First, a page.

Thursday, 18 October 2012

MOOCing: To boldly go where no one has been before!

MOOCING for all!

The age of the STAR TREK ACADEMY is here.  Distance learning was something that became included for younger members of the Star Trek Enterprise in the popular saga by Gene Roddenberry.  The concept was already there in the Australian idea School of the Air.  Now we have the MOOC!

Massive Open Online Courses have arrived with the sites such as edX, Coursera and ALISON (see links at top of the page).  In order to understand this experience myself (and to formalise my own self-taught learning) I have joined an edX course CS50X .

As part of a group examining online course delivery "based" (world wide collaboration via Google tools)  at a separate institution I became aware of the idea of MOOCs.  An article ( was one that the Bank Street College  OFLC Course/Group recommended for reading.  Having read the article I was struck by the my own experiences using social media and the ways I have been instructed post 16 years old.  

In classes for A-Levels we had 30 per class for Maths, Physics and Chemistry but only 10 for Biology!  The engagement socially with the learning experience was better in the smaller groups as the interaction between tutor and pupil were easier and more immediate!   This  pattern of pupil to real-life tutor  experience continued through my Scottish University where we had classes of between 100 and 200 in size with tutorial time spent with a group of 7 to 8 pupils in the early years.  This last model was a better experience than Sixth Form A levels but owing to previous training of how to learn in a formal context was like being at school.  At later stages in the first degree experience we had increasingly less formal instruction in  "class" but there was still "traditional" engagement techniques.  After all these were research Professors with a teaching load of Undergraduates as opposed to teaching Professors! Plus they did not have the whizzy presentation to engage pupils as we have today and break up the delivery of material.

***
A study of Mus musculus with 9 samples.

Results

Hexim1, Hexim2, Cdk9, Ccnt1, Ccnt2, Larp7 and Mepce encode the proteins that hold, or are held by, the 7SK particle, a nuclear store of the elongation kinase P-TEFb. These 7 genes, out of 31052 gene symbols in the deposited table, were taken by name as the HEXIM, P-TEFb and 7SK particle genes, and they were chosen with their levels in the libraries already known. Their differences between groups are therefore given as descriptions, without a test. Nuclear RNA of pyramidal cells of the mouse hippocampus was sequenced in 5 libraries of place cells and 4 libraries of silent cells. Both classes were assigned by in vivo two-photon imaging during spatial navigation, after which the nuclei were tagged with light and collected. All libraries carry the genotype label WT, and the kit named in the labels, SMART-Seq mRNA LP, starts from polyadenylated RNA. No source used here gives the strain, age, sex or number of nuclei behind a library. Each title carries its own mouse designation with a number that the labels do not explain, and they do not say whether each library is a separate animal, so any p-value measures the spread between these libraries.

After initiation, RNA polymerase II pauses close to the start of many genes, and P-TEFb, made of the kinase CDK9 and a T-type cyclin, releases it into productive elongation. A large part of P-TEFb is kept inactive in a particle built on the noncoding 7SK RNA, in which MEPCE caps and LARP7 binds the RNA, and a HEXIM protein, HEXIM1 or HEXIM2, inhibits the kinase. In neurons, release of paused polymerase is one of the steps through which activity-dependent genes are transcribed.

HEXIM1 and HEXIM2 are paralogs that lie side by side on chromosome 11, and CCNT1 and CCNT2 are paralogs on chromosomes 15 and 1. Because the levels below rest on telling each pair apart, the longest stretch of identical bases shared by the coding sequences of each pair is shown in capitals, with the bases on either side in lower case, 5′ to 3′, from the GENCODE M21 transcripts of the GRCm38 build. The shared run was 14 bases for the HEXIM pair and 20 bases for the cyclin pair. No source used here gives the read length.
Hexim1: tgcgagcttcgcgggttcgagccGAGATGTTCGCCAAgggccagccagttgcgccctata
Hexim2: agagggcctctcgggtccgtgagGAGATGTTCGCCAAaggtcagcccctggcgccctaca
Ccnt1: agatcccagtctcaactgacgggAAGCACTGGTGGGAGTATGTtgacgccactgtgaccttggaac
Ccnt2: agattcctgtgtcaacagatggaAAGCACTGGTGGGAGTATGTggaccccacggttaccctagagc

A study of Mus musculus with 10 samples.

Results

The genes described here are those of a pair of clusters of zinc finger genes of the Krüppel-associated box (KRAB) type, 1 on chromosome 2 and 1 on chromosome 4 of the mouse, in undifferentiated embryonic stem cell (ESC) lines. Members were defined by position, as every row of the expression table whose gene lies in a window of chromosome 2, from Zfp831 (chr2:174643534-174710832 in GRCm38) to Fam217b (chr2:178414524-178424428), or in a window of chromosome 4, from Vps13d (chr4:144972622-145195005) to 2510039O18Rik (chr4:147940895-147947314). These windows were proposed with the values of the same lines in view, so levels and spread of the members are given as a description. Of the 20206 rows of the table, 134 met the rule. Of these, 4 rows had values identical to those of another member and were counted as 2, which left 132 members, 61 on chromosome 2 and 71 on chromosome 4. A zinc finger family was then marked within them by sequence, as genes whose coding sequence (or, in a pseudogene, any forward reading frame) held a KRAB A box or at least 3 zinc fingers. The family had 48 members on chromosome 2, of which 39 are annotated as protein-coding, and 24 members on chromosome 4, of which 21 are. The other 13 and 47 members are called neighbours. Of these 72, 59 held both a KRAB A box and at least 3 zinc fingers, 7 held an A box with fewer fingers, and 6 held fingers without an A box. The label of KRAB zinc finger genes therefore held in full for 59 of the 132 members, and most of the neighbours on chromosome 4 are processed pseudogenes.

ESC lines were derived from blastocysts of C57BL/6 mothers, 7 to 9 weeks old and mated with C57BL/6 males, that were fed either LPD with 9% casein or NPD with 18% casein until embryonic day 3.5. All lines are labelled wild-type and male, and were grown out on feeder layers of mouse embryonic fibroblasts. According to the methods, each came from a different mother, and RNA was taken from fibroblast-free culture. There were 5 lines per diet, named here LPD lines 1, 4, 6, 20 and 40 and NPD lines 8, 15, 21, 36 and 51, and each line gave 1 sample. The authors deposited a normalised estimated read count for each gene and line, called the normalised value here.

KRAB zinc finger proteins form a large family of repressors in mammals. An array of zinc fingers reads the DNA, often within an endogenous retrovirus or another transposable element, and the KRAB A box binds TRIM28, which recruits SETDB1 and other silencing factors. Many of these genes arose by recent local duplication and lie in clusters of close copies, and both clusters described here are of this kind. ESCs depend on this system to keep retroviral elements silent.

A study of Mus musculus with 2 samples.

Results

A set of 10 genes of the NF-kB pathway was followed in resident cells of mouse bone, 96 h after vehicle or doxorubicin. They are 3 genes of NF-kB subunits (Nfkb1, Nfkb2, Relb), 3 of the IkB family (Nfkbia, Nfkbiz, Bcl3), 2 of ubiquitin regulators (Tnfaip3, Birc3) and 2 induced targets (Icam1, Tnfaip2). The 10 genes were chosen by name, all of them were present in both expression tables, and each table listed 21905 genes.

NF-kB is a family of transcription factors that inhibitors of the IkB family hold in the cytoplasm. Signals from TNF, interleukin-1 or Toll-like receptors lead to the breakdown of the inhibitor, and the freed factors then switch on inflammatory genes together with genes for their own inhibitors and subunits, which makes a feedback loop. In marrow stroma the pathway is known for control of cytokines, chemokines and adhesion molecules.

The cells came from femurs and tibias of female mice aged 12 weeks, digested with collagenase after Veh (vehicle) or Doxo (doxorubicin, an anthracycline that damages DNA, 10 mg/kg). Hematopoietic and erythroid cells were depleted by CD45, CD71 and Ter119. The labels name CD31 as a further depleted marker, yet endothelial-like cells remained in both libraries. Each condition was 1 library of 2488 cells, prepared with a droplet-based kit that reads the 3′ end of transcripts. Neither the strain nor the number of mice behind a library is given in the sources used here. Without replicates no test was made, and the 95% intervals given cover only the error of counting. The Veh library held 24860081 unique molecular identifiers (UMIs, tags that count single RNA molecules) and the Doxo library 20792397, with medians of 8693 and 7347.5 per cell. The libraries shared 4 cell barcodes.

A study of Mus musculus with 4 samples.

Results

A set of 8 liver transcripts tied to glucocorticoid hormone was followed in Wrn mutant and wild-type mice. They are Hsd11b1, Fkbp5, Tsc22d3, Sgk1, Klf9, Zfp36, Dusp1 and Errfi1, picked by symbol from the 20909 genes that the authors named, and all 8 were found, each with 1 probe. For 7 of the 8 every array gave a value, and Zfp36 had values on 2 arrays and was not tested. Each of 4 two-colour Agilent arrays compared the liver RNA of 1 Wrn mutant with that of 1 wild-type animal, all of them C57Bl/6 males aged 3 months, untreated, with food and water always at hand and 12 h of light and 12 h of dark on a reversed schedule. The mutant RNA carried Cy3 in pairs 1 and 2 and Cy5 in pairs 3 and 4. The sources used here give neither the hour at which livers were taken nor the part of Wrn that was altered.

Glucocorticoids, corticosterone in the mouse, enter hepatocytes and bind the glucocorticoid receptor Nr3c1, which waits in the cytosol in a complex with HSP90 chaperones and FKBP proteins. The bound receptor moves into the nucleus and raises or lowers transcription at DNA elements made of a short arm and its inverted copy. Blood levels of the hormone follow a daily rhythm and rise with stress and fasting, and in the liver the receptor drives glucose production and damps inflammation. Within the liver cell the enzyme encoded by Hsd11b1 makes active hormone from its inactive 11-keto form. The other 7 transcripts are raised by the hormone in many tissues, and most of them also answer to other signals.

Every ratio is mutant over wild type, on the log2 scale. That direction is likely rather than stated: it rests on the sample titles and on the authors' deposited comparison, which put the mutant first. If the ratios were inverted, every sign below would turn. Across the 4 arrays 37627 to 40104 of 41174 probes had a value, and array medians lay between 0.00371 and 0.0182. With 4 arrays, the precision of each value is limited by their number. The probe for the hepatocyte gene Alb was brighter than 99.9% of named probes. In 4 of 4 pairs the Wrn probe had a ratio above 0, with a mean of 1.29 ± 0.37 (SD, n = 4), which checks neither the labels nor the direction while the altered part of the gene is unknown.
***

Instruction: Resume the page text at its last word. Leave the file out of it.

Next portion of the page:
Having seen the first lectures of the CS50x course I was struck by the content compared to my experiences as an undergraduate 20 years ago.   Key concepts although delivered at quite an active pace were not that many in the 2 hour lecture/MP4.  What was apparent was the audience participation and the "pausing" to explain the learning outcome.  The online experience was also made more interactive and a non-popcorn/coke/beer movie experience by the occasional question appearing to check understanding of key concepts.  This is a simple but key trick to keep the solo listener engaged.  The peer pressure of note taking neighbours being absent in this environment.  That was also apparent in the auditorium the lack of note taking materials when we did see audience shots.  The material was online in the form of video recordings of the lecture, transcripts, Tutorial  materials and most importantly web-links (the most difficult thing to note down quickly).

The forums signed up for the and program critique requests  starting to appear, addresses some of the MOOC's social limitations.  It does require a collective interaction of learning.  It does require confident self-learners.  It does play to the strengths of undergraduate enthusiasm in asking the question, why? Or more important that very difficult statement , I don't understand.  This is the  a potential pitfall of MOOCs that social media can overcome by doing what most pupils from the age of 3 do without thinking they are doing it, which is peer to peer learning!  It is also a challenge to the "closed filing cabinet" state of traditional academic work.  If you are not on the privileged list of one to one personal contact that knowledge acquires a proprietorial existence. 

The universal aspiration of knowledge being free can be a reality but only if a MOOC  engages social interaction in a learning community.  Competition to be the first to think of an idea will always be there, social interaction dose spur uncovering of  new concepts.  Would we ever have known about Darwin's theories in his lifetime if he had not been in correspondence with Wallace?  Historians of life sciences argue who was the greater Wallace or Darwin? And who should be on the pedestal carved in stone?  MOOCs potentially have the ability to speed up dissemination of  understanding of knowledge but have to overcome the inertia of lack of communication between learners.  A problem experienced in UK, if not all UK classrooms, for the majority of pupils driven by need to fulfil a curriculum!

So the major conclusion of the article, is to start to engage socially.  Be confident to record your experiences in a learning journal or blog.  And more importantly to be persistent and leave your "footprints" in the sand to see where you have been when you look up to see where you want to be!